To reach LZA Marine Patrol, call the CT State Police Troop A Southbury Dispatch at (203) 267-2200, or use VHF Radio Channel 16. BOATING EMERGENCIES CALL 911.
To legally operate any boat with a motor or a sailboat 19½ feet in length or longer, the following persons must obtain a Safe Boating Certificate (SBC):
-Residents of Connecticut
-Owners of real property in Connecticut
-Anyone using Connecticut waters more than 60 days in a year.
To legally operate a personal watercraft on Connecticut waters, regardless of state residency all persons must possess a Certificate of Personal Watercraft Operation (CPWO).
As per State laws, boats must travel at slow/no wake speeds when within 100 feet of shore, PWC’s must follow that within 200 feet of shore.
Boaters must inspect their vessel for vegetation and aquatic nuisance species and properly remove and dispose of all vegetation and nuisance species before transporting the vessel. You can be fined $95 per violation(CGA 15-180) and Public Act 12-167. Some invasive species have been found in CT, so you must inspect before and after launching in Lake Zoar. Read More https://portal.ct.gov/DEEP/Fishing/General-Information/Aquatic-Invasive-Species
Lake Zoar has a daytime speed limit of 45mph (1/2 hour before sunrise to 1/2 hour after sunset) and a nighttime speed limit of 25mph, which is enforced by radar by the LZA Marine Patrol.
Marker buoys around the lake signal underwater hazards. Not all hazards are marked and hazard buoys can be moved out of position by high waters and boaters. These buoys are merely an aid and should not replace caution, common sense, a good map and depth finder.
It is the responsibility of the boater to ensure you are complying with all CT boating regulations when on the Lake. Boats may be subjected to vessel safety inspections by LZA Marine Patrol or CT DEEP EnCon Police while entering or on the water.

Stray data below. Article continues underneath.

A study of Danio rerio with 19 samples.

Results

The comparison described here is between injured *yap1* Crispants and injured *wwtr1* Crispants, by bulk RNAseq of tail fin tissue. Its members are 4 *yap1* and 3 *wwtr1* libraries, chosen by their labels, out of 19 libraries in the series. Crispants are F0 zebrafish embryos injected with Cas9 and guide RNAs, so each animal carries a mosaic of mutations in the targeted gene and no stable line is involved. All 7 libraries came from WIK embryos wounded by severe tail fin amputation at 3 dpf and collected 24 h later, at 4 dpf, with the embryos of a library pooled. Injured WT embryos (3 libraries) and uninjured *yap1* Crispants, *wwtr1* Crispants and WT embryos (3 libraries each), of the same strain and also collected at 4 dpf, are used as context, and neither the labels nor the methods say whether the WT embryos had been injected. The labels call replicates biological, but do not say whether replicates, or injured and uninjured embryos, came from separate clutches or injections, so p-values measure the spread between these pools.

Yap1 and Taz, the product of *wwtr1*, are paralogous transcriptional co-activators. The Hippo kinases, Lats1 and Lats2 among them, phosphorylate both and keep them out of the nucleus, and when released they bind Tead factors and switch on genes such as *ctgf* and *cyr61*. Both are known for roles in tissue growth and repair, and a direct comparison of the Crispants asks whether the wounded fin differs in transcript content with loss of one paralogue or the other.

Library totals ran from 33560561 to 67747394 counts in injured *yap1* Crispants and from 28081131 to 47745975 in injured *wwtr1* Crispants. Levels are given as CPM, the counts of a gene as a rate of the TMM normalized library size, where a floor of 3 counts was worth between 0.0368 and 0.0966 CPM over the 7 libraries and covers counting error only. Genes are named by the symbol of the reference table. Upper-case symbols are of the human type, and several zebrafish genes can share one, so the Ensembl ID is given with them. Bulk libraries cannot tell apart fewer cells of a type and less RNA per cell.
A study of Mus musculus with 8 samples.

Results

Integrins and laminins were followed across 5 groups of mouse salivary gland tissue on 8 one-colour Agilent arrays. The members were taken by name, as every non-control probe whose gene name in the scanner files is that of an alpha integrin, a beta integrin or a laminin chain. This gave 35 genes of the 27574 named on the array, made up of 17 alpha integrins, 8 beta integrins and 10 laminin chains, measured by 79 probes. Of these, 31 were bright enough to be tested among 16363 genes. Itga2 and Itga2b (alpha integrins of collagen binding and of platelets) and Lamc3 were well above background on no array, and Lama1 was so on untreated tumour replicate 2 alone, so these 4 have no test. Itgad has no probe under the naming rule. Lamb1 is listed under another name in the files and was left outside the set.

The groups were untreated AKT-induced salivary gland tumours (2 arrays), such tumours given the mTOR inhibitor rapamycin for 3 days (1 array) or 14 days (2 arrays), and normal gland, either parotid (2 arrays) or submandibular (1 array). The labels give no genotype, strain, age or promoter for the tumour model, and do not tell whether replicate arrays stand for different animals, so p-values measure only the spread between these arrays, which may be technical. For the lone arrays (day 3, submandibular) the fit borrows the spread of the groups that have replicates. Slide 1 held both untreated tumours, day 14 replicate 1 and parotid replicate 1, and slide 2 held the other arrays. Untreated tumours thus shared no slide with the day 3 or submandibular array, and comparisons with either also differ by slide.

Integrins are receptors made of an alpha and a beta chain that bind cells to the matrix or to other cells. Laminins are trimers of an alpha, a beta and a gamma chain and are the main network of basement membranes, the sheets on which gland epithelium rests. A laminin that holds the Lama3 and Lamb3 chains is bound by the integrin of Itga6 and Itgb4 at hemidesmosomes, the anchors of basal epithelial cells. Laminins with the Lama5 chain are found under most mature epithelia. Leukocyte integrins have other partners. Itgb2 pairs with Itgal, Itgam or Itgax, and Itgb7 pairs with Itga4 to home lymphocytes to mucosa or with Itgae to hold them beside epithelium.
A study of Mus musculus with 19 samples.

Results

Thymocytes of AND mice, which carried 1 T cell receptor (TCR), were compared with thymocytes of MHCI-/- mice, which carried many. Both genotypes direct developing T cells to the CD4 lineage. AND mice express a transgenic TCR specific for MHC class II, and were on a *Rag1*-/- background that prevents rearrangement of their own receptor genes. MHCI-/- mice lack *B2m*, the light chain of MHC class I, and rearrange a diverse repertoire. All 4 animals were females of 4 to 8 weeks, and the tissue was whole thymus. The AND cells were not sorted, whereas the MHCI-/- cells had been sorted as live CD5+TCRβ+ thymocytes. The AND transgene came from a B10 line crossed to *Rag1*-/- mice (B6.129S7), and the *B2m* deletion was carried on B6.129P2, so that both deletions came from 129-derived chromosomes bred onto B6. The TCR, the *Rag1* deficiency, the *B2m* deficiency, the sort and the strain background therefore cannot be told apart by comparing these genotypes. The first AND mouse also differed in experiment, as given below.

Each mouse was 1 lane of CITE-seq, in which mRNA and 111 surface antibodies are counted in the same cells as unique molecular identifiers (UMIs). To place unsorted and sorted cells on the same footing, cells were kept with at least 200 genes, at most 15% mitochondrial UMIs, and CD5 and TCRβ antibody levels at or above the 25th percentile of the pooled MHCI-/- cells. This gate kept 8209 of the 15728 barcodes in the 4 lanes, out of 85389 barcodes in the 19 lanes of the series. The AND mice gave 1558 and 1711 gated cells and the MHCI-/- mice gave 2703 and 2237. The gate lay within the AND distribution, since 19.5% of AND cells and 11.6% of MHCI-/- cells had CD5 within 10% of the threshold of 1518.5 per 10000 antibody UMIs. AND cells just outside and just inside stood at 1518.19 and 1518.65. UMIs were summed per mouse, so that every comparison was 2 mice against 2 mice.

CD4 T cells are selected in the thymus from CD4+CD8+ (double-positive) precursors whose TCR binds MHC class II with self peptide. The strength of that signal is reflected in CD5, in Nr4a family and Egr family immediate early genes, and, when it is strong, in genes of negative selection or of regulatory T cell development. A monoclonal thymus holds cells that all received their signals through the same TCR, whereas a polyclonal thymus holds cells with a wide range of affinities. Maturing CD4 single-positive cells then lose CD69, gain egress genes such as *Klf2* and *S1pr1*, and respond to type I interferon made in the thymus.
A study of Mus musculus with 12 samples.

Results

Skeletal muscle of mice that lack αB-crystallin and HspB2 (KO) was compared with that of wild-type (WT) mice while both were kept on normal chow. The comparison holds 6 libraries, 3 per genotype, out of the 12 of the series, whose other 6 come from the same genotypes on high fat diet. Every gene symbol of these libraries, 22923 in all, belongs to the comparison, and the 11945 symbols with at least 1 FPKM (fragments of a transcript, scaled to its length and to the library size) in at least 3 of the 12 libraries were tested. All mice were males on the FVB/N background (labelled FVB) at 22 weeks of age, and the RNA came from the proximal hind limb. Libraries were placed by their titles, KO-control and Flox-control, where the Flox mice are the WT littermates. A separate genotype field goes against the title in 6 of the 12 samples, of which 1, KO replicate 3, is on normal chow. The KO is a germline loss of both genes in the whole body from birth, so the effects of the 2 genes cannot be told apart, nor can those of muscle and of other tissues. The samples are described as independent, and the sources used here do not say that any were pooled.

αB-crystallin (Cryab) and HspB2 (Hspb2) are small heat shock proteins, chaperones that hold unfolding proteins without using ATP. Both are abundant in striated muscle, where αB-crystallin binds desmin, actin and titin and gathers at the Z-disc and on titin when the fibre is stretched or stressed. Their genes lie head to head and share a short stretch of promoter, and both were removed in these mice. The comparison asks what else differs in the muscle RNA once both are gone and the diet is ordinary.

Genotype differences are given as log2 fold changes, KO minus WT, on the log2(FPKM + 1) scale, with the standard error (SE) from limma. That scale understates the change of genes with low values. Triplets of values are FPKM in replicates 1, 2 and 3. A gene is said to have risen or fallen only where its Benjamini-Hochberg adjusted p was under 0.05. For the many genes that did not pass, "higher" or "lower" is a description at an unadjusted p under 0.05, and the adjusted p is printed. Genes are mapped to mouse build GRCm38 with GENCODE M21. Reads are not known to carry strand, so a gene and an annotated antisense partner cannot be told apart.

Lake Zoar is regularly patrolled by the Lake Zoar Authority Marine Patrol. The DEEP EnCon Police also provide enforcement support, and can be reached at 860-424-3333. Boaters on Lake Zoar must follow all State and local boating regulations.
Special Information Regarding Wakes:
A watercraft pushes water out of its path in order to move, creating an unnatural wave of water known as a wake. With increasing speeds, the wake becomes more forceful and the risk of danger to the operator and surrounding vessels, people, and property significantly increases. Large wakes, even those from small personal watercraft such as jet-ski, can cause a boating accident, distress to swimmers, damage to docks, and shoreline erosion. Boater must remember that Connecticut law, under Title 15 Navigation and Aeronautics, section 15-121-B14, prohibits speeds above 6MPH within 100 feet of shore, dock or a pier, float, or anchored or moored vessel, unless taking off or landing a water-skier. Boaters are responsible for damage caused by their wake, and speeding infractions can result in an $80 fine. Offenses involving serious damage or injury carry charges of reckless or negligent operation, which can result in a $1,000 fine, imprisonment up to six months, or both. Boaters must follow posted speed limits to prevent accidents and maintain enjoyable use of the lake for everyone. Marine Patrol enforces speed limits, receives complaints from boaters and residents, and reports sightings of violations and issued infractions to the LZA.
Please visit the CT DEEP’s web library to read the most recent copy of the Connecticut Boater’s Rules and Resources Guide: https://portal.ct.gov/DEEP/Boating/Connecticut-Boaters-Guide Title 15 Navigation and Aeronautics Law is available here: https://eregulations.ct.gov/eRegsPortal/Browse/getDocument?guid=%7BC0033062-0000-CF6F-A467-07E12675FFE9%7D
Top 10 rules to respectful boating – make the right kind of waves
(Courtesy of MN Department of Natural Resources, 2022)
Boating etiquette is about safe behavior, as well as what’s socially accepted. Here are some of the basics to help you navigate the boating world with ease while not creating a stir among fellow users of the water.
Remember, these are guidelines and should not serve as a replacement for learning the rules, regulations and laws for your local body of water.